In recognition of World Breastfeeding Week, Dr. Hanifa Bachou, FANTA Project Manager in Uganda, explains why breastfeeding is important and what FANTA is doing to help strengthen the health and nutrition of vulnerable children and mothers within the country.
The theme this year for World Breastfeeding Week is “A Winning Goal for Life!” What does this mean to you?
Exclusively breastfeeding an infant for the first 6 months contributes to reducing child malnutrition, and for people living with HIV in Uganda and on antiretroviral drugs, reduces mother-to-child transmission of HIV. It is also the first natural immunization against common diseases and helps prevent child deaths. For the mother, breastfeeding additionally protects against early pregnancy in the first 6 months.
What challenge(s) do you see in Uganda related to breastfeeding?
Uganda faces three main challenges in regards to breastfeeding. For one, most work environments lack maternity and paternity leave time for employees in accordance with the Employment Act of 2006. Time and facilities for breastfeeding, expression of breast milk, and/or the preparation of replacement feeds are also lacking at work places.
Secondly, more adequate health facilities and stronger community assistance mechanisms are needed for breastfeeding mothers. Support, care, and follow-up services for pregnant women, mothers, and caretakers are a necessity in practicing optimal infant and young child feeding practices. Currently, less than 20 health facilities in Uganda are designated as “baby friendly.” With improved support and care procedures in place, mothers can safely and readily practice breastfeeding.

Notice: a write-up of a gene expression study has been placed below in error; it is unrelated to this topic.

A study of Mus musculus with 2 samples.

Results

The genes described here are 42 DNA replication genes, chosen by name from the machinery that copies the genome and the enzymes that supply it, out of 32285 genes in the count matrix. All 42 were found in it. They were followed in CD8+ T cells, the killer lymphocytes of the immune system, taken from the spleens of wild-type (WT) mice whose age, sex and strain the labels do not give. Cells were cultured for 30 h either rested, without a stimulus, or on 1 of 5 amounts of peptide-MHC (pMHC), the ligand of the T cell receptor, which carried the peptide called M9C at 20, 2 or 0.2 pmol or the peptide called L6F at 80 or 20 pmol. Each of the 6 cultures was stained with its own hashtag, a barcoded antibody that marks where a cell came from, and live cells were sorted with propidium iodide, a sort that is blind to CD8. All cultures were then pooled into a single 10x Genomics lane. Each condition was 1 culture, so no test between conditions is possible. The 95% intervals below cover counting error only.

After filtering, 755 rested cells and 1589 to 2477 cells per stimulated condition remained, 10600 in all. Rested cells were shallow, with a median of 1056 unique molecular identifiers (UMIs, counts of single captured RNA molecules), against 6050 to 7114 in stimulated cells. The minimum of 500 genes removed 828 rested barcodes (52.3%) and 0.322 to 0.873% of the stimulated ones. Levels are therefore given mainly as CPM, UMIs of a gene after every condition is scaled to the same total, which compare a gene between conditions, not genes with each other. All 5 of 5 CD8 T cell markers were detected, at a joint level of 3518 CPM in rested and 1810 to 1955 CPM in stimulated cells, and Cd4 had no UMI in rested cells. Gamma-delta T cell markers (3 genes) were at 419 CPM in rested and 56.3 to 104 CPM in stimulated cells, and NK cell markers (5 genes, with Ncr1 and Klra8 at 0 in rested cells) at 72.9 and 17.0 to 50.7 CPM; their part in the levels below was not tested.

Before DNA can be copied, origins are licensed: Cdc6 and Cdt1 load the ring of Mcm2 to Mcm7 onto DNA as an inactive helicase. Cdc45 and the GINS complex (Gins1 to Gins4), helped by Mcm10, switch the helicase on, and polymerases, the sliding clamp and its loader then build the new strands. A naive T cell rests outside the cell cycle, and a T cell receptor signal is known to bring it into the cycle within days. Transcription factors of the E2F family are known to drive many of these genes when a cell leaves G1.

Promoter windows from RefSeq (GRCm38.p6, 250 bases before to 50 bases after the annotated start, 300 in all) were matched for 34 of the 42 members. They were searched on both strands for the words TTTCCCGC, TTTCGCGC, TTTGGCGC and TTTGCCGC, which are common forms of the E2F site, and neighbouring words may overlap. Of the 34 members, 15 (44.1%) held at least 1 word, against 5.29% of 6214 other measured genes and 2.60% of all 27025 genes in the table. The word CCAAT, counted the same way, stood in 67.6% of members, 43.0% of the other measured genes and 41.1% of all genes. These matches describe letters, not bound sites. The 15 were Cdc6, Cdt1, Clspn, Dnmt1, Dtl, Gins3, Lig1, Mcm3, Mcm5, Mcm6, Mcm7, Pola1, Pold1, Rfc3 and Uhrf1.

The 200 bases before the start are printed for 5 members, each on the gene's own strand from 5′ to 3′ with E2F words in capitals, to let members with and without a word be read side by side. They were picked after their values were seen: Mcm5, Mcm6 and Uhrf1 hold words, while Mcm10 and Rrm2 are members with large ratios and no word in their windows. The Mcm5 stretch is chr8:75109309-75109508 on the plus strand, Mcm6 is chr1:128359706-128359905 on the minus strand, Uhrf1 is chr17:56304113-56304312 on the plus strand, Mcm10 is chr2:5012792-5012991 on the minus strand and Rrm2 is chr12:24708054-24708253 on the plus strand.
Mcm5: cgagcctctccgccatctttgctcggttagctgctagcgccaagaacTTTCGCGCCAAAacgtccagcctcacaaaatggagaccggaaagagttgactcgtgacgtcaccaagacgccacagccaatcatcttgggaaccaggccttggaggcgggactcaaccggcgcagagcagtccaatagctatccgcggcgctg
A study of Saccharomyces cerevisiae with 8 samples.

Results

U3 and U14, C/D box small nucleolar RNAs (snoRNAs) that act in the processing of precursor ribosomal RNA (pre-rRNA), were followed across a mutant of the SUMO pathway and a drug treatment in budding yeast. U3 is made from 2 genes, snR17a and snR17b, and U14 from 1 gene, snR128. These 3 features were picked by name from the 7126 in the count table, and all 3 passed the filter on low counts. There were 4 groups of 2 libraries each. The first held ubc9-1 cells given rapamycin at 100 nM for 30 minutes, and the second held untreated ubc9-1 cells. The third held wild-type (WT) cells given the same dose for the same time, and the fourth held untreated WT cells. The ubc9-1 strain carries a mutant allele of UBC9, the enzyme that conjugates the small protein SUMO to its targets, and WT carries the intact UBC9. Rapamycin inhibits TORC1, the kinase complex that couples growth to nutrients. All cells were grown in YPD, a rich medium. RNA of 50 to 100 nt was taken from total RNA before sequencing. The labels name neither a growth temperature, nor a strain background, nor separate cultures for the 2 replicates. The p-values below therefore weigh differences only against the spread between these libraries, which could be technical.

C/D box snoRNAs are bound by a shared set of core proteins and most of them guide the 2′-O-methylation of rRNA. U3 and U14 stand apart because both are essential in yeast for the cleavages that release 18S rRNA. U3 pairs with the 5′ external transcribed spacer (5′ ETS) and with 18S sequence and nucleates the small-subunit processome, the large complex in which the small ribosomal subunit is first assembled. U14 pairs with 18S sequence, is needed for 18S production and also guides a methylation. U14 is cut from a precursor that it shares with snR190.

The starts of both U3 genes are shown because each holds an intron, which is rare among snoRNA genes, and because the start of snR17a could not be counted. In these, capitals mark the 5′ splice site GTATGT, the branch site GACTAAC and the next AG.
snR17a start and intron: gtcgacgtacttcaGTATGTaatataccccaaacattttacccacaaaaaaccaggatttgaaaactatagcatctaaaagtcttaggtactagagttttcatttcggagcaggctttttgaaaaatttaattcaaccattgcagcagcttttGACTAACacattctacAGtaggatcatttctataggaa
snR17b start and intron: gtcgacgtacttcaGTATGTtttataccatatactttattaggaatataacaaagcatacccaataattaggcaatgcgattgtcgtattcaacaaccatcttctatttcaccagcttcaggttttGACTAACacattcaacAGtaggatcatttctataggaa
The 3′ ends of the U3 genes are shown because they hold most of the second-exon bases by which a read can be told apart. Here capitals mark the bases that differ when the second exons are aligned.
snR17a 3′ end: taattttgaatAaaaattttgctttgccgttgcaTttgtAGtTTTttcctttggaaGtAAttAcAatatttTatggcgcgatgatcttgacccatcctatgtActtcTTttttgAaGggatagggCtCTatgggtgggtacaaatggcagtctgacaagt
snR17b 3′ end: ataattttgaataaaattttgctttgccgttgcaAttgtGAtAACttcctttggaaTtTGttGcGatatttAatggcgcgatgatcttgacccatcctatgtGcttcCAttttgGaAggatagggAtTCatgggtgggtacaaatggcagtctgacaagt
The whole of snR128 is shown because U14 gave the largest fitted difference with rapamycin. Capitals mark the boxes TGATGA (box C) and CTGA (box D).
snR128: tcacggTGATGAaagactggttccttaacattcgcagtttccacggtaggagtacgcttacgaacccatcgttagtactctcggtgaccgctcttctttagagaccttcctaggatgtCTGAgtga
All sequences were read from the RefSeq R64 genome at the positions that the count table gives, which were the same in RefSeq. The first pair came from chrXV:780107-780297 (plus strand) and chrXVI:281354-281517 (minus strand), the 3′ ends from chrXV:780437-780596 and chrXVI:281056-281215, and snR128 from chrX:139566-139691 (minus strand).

Lastly, while infant and young child feeding regulations are in place, a monitoring mechanism is lacking and enforcement of the practices needs to be strengthened to increase access to nutrition and counseling services for the poorest and most vulnerable communities.
How is FANTA helping to address these challenges and promote breastfeeding?
The project promotes and trains health care workers in optimal breastfeeding practices to improve maternal and child survival. Throughout Uganda, we have recently trained 101 health care trainers in nutrition and infant and young child feeding.
FANTA is also part of the Partnership for HIV-Free Survival, which is a six-country initiative to accelerate the implementation of national guidelines for the prevention of mother-to-child transmission of HIV and infant feeding in the context of HIV. The objectives of the initiative are to: (1) achieve universal breastfeeding and improved nutrition of mother-child pairs and (2) ensure that all breastfed infants exposed to HIV are protected through antiretroviral drugs.
Finally, we help build the capacity of facility- and community-based health care providers in nutrition, assessment, counseling, and support (NACS), while also employing monitoring and evaluation methods to help ensure quality services.